Museum Muse: Sofie Muller
Which works of art from the KMSKA collection inspire artists today? And why?
International Women’s Day: what better moment to shine the spotlight on one of our great heroines? We’re talking about Agnès Sorel, of course, the woman behind Jean Fouquet’s Madonna Surrounded by Seraphim and Cherubim. A leading lady with a life worthy of a history painting.
Agnès Sorel had it all. She was beautiful, clever, fashion-conscious and powerful. In 1444, Charles VII – France’s insipid king – took one look at the 22-year-old Agnès and decided she was the woman for him. As for Agnès, she knew what she had and how to use it. Not least a full bosom. And if you’ve got it, you need to flaunt it if you want to keep the king’s attention. As a true trendsetter, Agnès did away with the respectable neckline. She introduced bare shoulders and a décolleté worthy of Jennifer Lopez. From time to time, she ‘forgot’ to do up her top, resulting in the occasional ‘Nipplegate’. As ever when it comes to bare flesh, you have supporters and opponents. Although the haters seem to have been bothered most about the monster of a diamond Agnès wore around her neck. Only queens were supposed to wear stones like that! Not some girl from the minor nobility!
Charles VII gave Agnès the Château de Loches, where Joan of Arc urged him to claim his throne. The French succession was a mess at that point. Pretty depressing for the king. Especially with the English still running amok.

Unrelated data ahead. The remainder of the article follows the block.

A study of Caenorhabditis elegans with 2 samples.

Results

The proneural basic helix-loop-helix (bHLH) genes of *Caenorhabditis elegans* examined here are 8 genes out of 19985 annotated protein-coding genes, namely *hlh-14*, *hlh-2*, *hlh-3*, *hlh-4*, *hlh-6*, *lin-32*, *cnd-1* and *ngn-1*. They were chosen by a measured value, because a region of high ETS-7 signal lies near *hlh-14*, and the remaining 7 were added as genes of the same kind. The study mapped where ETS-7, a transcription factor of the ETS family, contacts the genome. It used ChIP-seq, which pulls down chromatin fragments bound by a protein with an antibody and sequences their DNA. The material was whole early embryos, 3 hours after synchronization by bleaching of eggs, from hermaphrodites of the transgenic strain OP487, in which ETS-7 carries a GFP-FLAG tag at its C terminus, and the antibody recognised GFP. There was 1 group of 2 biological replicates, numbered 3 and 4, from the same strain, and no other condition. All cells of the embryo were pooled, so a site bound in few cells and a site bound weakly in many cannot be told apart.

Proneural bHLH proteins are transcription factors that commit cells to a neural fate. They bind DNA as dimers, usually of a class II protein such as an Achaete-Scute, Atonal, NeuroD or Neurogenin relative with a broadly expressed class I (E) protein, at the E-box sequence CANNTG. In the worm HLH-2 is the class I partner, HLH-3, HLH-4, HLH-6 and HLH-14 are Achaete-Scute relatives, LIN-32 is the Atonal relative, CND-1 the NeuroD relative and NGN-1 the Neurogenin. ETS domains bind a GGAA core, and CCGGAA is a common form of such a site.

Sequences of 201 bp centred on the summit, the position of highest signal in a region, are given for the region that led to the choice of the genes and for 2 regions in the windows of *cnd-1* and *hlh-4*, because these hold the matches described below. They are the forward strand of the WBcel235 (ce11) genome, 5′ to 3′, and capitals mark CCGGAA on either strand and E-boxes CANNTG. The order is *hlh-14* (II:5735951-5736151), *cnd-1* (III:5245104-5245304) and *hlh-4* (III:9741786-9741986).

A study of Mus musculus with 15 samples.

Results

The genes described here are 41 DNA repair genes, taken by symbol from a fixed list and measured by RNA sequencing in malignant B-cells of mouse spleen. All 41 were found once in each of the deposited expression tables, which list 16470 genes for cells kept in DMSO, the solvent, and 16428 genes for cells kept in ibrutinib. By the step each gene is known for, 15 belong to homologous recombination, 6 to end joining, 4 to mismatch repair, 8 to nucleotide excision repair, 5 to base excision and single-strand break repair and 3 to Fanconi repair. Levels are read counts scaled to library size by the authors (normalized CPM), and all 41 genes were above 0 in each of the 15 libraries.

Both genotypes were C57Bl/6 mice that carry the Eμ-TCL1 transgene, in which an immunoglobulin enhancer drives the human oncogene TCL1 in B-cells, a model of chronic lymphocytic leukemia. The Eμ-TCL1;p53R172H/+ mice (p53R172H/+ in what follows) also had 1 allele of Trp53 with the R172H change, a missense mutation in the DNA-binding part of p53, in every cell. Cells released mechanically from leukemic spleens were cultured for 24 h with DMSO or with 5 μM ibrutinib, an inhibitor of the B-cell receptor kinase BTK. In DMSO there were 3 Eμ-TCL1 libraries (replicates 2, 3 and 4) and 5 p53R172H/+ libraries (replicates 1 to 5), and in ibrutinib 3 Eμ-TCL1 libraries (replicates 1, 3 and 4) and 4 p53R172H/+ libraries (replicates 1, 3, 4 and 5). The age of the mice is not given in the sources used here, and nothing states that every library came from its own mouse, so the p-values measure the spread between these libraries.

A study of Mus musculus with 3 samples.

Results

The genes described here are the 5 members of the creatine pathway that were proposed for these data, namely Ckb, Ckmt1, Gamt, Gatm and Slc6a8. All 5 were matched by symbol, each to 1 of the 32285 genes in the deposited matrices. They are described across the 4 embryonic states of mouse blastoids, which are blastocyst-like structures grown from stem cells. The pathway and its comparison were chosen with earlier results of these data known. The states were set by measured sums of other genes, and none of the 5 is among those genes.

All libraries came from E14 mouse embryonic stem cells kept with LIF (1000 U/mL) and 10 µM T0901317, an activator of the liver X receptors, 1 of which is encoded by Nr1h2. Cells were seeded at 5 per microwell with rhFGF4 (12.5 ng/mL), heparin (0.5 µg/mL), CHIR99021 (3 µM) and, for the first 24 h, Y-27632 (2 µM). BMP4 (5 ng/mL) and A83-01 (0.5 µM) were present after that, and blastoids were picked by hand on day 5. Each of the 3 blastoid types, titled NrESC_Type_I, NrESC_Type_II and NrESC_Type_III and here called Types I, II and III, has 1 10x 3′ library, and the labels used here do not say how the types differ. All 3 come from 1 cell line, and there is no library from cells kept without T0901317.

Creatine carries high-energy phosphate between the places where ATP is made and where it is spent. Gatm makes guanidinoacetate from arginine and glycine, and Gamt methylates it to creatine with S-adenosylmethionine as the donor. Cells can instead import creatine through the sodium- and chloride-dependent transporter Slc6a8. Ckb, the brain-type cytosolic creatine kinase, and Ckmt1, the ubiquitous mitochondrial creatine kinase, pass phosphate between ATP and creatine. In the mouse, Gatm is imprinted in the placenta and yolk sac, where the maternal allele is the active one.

Agnès helped the king find his backbone. She encouraged him to restore order to his kingdom and his finances, and to rejoin the conflict against England. As for Agnès, she got to sit alongside the king in the throne room. First Concubine, as it were. Agnès was certainly no shrinking violet: she set the fashion in that respect too. From that time on, the mistresses of French kings were often a lot more high-profile and influential.
Not everyone appreciated her political influence. But one thing wasn’t in dispute: Agnès was far and away the most beautiful woman in France. In Europe, even. And that’s how Jean Fouquet painted her around 1452. As the breast-feeding Madonna, Sorel was able to embody the prevailing ideal of beauty. Women wanted to be as beautiful as Mary. And Agnès was that all right, with her long neck and whitest of white skin. Barely any eyebrows and an epilated hairline. Fouquet broke with tradition to paint Mary as a sensual and fashionable woman. Jesus seems totally uninterested in her breast, and Mary is not really encouraging him to suckle. Is this Madonna really a model of maternal love? Or a tribute to La belle Agnès?
As the breast-feeding Madonna, Sorel was able to embody the prevailing ideal of beauty. Women wanted to be as beautiful as Mary. And Agnès was that all right.
Agnès was pregnant with her fourth daughter by her lover when she travelled to the Jumièges battlefield in 1450 to support the king. She gave birth there, but mother and daughter died suddenly. In 2005, a forensic team investigated Agnès’ bones and detected enough mercury in them to kill ten people. Did it come from a medicine on which she accidentally overdosed? Or was Agnès murdered? Perhaps by the heir to the throne, Louis XI? He certainly detested her.
And yet it’s Agnès we remember. A feisty superheroine. And the subject of one of the most beautiful French paintings ever.